Nothing is inauspicious for the BSE when it comes to grabbing the first-mover advantage over arch rival NSE. When Ashish Chauhan, MD and CEO of BSE, chose to launch commodity trading on October 1, Pitru Paksha (a 16-day lunar period avoided by most businessmen in India for any new venture) was no deterrent.

On the other hand, his counterpart at NSE, Vikram Limaye, postponed the launch of his exchange into the segment until the auspicious days of Navratri.

Limaye may be eyeing a merger with MCX, the nation’s largest commodity bourse, to beat his rival. But Chauhan has followed up on strategy to recruit officials from the same commodity bourse to beef up BSE’s prospects. Nearly a dozen people — including former and current MCX officials — have joined the BSE in recent days.

It is learnt that an NSE-MCX merger, which has been in the works for several months, is being discussed by the boards of both bourses, and an announcement is expected shortly. NSE and MCX did not comment.

“If the merger between NSE and MCX goes through, the battle will be over before it could start,” said a former regulatory official. “BSE then will have an uphill task to beat NSE.”

NSE is a leader in equity futures with near-100 per cent market share. MCX boasts volumes in bullion, base metals and crude oil, and the largest traded commodity contracts in India. The No 2 commodity bourse, NCDEX, is a distant player in terms of turnover and has been struggling with its agri-commodity trading for years now.

Chauhan has not shown any interest in buying a stake in MCX citing steep valuations though he was approached by the latter’s bankers and shareholders. Instead, he roped in PK Singhal, former CEO of MCX, to advise BSE on its commodity foray. Singhal is known to have closely worked with Jignesh Shah, founder promoter of MCX, in various roles, and was often a key figure in carving out policy matters with regulators and government officials.

Sameer Patil, another MCX veteran, has been a catch for BSE. He joined the bourse as Chief of Business Development, Commodity, and roped in a few others from MCX.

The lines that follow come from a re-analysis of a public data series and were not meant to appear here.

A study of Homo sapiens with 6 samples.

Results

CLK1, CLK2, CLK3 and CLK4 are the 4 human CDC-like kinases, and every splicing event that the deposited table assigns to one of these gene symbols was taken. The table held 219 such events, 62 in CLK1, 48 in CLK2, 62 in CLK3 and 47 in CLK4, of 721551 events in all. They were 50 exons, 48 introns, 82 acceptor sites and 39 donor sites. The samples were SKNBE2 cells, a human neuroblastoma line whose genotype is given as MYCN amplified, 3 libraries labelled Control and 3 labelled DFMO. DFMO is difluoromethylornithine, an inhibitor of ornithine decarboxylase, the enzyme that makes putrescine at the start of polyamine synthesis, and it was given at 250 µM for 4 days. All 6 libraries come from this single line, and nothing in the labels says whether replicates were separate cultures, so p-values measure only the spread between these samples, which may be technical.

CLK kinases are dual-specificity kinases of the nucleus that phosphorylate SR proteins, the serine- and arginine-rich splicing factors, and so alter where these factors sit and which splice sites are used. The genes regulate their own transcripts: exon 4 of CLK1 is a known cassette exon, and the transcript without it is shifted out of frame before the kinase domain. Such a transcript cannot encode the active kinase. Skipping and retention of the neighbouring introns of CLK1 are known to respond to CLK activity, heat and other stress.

Former exchange officials say that while NSE will try to steer the merger amidst raging investigation and adjudication with regard to an algo trading scam in equity futures, Singhal’s task at BSE is cut out. He will mainly try to push SEBI to streamline norms under which MCX has so far enjoyed regulatory arbitrage. For instance, trading in some metal contracts cannot pick up at other exchanges unless the same is moved to the deliverable formula on MCX.

Global tie-ups

Both NSE and BSE have entered into several tie-ups with international exchanges including the London Metal Exchange, Dubai Mercantile Exchange and CME in US for commodity play. BSE’s strength could be its network of 1,400 brokers and its technology prowess backed by claims of being among the fastest trading venue. The NSE will bank on its patronage with large foreign institutional players after SEBI allowed their participation, experts say. Both have also tied up with guar gum and cotton associations for agri-commodity and bullion organisations for precious metals.

“Merger and non-merger will decide competition in the non-agri segment but the key challenge will be to develop agri play,” said Sudip Bandyopadhyay, who has been on the boards of the Hong Kong Commodity Exchange and India’ NMCE.